Tuesday, November 22, 2011

Beck Planning and Fuhrman Challenging

Did you know that Dr. Fuhrman is running a six-week holiday challenge? Well, he is. Here are the challenge rules:

For the next 6 weeks, promise to…

• Eat at least one large salad every day
• Eat generous amounts of cooked green vegetables, mushrooms, and onions
• Eat beans every day
• Eat at least three fresh fruits every day
• Avoid white flour
• Avoid sugars and artificial sweeteners
• Use oils sparingly
As a benefit of accepting the challenge, you get a FREE six-week Gold Membership to the Dr. Fuhrman website (you can also upgrade a lower level membership for free). Loads of recipes and nutritional and health information free and at your fingertips. Interested in finding out more or signing up? I did! Click here 

Which brings me to my next point. Planning.

I haven't talked Beck in quite a while now. For those of you who have read this far and are saying to yourselves, "What the heck is she talking about?" Beck is shorthand for The Beck Diet Solution. You can check it out on Amazon here:

The Beck book, along with a plant-based, no-added-oil diet, pretty much saved my life. One without the other would have been a wash. Which is why Beck reappears on this blog from time to time, in varying degrees. For a while I was hot to trot, talking about Beck every few days. Some of you thought that was too much, and it kinda took the wind out of my sails. But, inevitably, I must talk about Beck again, because, like I said, one without the other doesn't work for me. And some of my dear readers actually ask me to write about it!

So, once again:
Plant-based, no-added-oil diet = for my body
Beck = for my brain

Day 14 of The Beck Diet Solution asks us to write a food plan that includes everything you are going to eat, either in the morning for that day, or in the evening for the next day.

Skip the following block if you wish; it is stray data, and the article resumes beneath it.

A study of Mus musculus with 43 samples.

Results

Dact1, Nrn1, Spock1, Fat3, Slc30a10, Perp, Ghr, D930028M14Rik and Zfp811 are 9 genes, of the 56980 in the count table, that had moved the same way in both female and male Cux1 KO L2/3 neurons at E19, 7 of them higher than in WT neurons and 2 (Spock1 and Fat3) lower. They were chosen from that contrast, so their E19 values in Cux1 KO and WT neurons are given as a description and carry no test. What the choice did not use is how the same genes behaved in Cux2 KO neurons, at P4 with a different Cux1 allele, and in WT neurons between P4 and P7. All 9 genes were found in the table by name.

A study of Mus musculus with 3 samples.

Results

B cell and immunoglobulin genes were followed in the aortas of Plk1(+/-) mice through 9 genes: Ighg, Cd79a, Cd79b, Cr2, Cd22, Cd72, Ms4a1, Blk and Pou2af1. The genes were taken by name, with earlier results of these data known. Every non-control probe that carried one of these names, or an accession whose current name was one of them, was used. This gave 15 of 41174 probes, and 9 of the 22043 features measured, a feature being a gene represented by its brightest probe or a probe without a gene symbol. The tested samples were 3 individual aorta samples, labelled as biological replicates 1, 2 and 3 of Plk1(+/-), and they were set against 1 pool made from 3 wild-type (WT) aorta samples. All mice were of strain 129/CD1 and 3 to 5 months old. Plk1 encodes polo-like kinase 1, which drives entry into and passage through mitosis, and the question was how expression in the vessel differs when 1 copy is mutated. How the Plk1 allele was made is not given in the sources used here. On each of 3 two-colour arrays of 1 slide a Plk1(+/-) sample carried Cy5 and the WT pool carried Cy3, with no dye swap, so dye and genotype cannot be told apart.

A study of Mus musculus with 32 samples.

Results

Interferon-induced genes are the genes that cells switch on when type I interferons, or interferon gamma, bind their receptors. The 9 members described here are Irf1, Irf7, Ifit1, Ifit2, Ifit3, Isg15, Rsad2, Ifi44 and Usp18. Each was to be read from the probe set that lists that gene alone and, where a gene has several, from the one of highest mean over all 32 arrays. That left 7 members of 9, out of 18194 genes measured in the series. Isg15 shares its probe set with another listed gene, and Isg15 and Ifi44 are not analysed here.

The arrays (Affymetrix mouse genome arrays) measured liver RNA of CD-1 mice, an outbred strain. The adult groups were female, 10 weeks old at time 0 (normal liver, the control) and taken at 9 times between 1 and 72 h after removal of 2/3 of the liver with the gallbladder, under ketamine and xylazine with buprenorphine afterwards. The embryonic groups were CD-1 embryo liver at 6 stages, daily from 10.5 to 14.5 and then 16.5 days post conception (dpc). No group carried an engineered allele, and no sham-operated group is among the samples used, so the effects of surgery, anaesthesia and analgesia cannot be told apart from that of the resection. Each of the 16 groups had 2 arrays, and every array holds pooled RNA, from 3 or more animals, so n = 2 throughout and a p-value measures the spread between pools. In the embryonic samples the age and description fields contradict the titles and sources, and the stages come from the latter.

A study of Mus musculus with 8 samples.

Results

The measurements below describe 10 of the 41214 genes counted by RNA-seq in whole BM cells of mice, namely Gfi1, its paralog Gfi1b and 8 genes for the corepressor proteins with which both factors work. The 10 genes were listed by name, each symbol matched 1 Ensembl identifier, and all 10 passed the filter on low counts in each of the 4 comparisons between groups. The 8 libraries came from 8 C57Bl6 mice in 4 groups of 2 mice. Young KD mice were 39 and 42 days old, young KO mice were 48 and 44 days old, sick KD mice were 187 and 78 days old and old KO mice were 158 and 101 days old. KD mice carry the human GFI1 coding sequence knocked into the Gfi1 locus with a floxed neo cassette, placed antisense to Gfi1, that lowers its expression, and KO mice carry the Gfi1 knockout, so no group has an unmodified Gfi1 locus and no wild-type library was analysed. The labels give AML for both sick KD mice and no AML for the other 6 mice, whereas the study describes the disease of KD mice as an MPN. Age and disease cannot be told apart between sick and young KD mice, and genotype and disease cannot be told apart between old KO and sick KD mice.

Feeling resistant? That's totally normal.

So let's talk about why planning what we eat is so important for people who suffer from compulsive overeating. For me, it simply comes down to one thing and one thing only. I do too much spontaneous eating. My three meals might be gloriously Nutritarian even by Dr. Fuhrman's exacting standards, but what's not so pretty is the snacking that I do in between meals and even after dinner. And it's that snacking, even on healthy, no-oil, Vegan food that gets me into trouble.

So you can plan what you are going to eat for an entire day. But the key to this having any affect at all is to say to yourself every time you are tempted to go off the plan, "That food is not on my plan so I am not even going to consider eating it." Then walk away.

That builds a resistance muscle.

There are many systems for planning. You could write everything on paper in a notebook. You could use your computer and do it on http://www.peertrainer.com/ or http://www.sparkpeople.com/ or use one of the many smartphone applications for logging your food.

My experience was that this method was extremely powerful for me the first time I tried it. I have tried it since with less positive results, but it was still worthwhile. Because I have committed to the Dr. Fuhrman Six-week Challenge, I thought to myself,  "The only way I am ever going to be able to stick to that plan is if I plan and log my food for the day in the morning and then stick to that plan," it seemed like the perfect time to get back into Beck and to go for it!

Wish me luck!

Have you ever tried Beck's planning method? Did you have success? What worked and what didn't? How long did you do it for? Please tell us about it!

If you have never tried it, does it seem like something that you would want to do now that you are aware of it?